Prime Minister Anthony Albanese has unloaded on Scott Morrison over his controversial comments during a church sermon in Perth – labelling them unworthy of someone who once led Australia.
Mr Morrison told worshippers at Margaret Court’s Victory Life Centre church last weekend that they should keep their faith in God, not the government.
“We trust in Him. We don’t trust in governments. We don’t trust in United Nations, thank goodness,” Mr Morrison said in last Sunday’s sermon at the church led by the former tennis great turned Pentecostal preacher.
“We don’t trust in all of these things, fine as they might be and as important as the role that they play. Believe me, I’ve worked in it, and they are important.”
On Thursday, Mr Albanese hit back.
“I just thought, wow. This guy was the prime minister of Australia and had that great honour of leading the government. I found it quite astonishing,” he told ABC radio in Melbourne.
“It provides some explanation perhaps of why, in my view, he clearly didn’t lead a government that was worthy of the Australian people – he said he doesn’t believe in government.
“The idea that he’s out there and pressing the United Nations button … I’ve spent two months trying to repair our international relations and that sort of nonsense, throwaway, conspiracy line about the United Nations I think isn’t worthy of someone who led Australia.”
Mr Morrison also alluded to his federal election loss during his sermon.
“Do you believe that if you lose an election God still has a plan for you?” he asked the assembled congregation, to rapturous applause.
“I still believe in miracles; God has secured your future; all of it’s true.”
Elsewhere, Mr Albanese said he was open to “sensible” changes to the government’s climate reform, but would not buckle under pressure from the Greens to increase reduction targets.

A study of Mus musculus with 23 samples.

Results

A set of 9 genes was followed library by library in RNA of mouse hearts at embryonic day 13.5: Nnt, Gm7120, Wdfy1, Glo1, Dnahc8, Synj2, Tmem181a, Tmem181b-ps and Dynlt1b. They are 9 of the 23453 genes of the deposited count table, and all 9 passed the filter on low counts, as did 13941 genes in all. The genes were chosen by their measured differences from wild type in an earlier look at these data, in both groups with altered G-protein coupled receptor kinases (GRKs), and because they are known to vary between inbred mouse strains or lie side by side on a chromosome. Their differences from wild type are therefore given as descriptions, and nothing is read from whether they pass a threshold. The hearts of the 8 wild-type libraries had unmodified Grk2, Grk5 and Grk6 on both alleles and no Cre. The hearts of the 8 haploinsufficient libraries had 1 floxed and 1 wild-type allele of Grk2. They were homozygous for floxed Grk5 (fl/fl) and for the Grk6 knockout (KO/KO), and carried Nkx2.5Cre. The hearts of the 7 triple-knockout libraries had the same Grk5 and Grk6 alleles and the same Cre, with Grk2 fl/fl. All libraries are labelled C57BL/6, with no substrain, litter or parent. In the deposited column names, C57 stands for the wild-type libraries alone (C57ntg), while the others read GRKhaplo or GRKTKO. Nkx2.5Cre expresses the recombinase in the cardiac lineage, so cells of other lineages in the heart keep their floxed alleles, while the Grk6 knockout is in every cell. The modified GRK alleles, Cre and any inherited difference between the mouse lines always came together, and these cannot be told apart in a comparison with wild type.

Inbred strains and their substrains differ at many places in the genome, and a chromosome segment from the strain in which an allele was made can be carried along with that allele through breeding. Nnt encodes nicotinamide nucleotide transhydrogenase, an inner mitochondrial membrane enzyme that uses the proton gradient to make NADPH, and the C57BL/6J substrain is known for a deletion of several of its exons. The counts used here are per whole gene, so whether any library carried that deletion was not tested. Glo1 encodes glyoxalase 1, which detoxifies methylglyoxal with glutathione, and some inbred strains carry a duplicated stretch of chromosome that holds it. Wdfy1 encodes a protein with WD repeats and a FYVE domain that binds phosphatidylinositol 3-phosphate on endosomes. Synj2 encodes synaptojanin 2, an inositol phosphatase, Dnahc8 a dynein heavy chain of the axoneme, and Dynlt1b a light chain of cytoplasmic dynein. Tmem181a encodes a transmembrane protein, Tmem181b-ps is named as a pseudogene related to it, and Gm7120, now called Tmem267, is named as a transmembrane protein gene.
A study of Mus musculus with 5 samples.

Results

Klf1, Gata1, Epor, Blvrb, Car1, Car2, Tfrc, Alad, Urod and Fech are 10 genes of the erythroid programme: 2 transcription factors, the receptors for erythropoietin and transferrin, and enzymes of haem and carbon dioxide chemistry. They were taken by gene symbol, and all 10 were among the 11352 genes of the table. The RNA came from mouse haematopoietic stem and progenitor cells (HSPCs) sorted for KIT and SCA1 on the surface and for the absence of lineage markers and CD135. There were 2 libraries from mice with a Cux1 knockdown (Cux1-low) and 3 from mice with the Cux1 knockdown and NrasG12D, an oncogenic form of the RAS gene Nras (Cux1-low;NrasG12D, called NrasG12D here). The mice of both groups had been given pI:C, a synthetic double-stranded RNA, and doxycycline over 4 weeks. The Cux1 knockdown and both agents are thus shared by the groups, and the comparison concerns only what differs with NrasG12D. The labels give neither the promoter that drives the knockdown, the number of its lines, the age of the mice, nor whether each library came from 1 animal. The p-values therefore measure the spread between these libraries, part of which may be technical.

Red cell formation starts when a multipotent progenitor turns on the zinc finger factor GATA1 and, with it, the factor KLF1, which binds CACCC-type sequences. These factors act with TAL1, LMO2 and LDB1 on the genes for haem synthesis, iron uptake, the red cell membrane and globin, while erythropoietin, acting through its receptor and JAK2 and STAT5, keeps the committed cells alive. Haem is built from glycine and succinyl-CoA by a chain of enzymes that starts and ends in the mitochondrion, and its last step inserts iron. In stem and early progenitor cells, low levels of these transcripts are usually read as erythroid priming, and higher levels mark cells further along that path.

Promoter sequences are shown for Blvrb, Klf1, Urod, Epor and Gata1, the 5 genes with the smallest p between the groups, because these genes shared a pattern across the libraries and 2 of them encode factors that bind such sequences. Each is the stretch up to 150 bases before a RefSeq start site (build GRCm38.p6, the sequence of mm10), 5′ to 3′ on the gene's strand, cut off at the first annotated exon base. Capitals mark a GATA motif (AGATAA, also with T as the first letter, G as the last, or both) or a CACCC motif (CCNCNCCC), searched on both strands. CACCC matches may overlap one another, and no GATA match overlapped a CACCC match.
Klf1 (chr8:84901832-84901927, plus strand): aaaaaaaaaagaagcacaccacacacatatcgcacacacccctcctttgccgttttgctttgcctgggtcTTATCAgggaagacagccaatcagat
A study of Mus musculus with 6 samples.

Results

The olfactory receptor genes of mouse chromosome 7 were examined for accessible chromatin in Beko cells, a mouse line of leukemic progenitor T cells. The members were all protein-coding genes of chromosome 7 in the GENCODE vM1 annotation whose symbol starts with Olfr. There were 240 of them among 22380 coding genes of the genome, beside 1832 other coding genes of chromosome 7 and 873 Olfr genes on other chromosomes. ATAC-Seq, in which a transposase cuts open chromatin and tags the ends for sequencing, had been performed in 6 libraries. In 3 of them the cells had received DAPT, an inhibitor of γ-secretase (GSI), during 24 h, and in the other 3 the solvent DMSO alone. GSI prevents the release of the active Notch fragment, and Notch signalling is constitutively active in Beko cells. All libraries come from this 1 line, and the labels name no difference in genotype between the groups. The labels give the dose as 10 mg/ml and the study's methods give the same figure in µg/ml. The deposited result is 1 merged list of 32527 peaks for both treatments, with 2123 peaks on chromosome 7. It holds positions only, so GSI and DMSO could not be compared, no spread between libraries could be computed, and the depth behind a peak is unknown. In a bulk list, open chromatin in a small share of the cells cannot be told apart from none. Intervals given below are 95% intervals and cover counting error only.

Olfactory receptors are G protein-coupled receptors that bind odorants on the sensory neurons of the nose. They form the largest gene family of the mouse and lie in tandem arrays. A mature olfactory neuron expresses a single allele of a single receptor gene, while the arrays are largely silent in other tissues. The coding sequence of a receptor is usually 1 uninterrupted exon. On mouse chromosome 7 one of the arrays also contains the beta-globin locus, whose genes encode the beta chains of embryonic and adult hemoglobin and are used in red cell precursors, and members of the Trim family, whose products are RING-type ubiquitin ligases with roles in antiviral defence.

Ahead of the return of Parliament next week, Mr Albanese said he was not open to lifting targets at all, even if it would guarantee support from the Greens to enshrine it into law.
“We’re happy to consider any sensible amendments that can improve legislation,” he told ABC radio.
“Can I tell you what we’re not happy to do, to be very clear, is to change the issue that we have a mandate for, which is 43 per cent reduction by 2030 and net zero by 2050.”
Mr Albanese defended his government’s position in refusing to budge on the target, saying the Australian people gave his party the mandate.
The Albanese government promised a 43 per cent emissions reduction target by 2030 during the federal election.
“We announced it at the beginning of December, more than five months before the election, and that is what the Australian public expect us to support,” he said.
“I’ve seen the movie, whereby you have a government that says one thing before an election and something different afterwards and I know how it ends, badly.
“It ends with a decade of inaction, which is what happened during the last decade.”
Greens Leader Adam Bandt is set to begin negotiations with the government on its climate bill.
Labor holds 26 seats of the 76 in the Senate, short of the 39 votes needed for a majority. The new Parliament sits for the first time on Tuesday.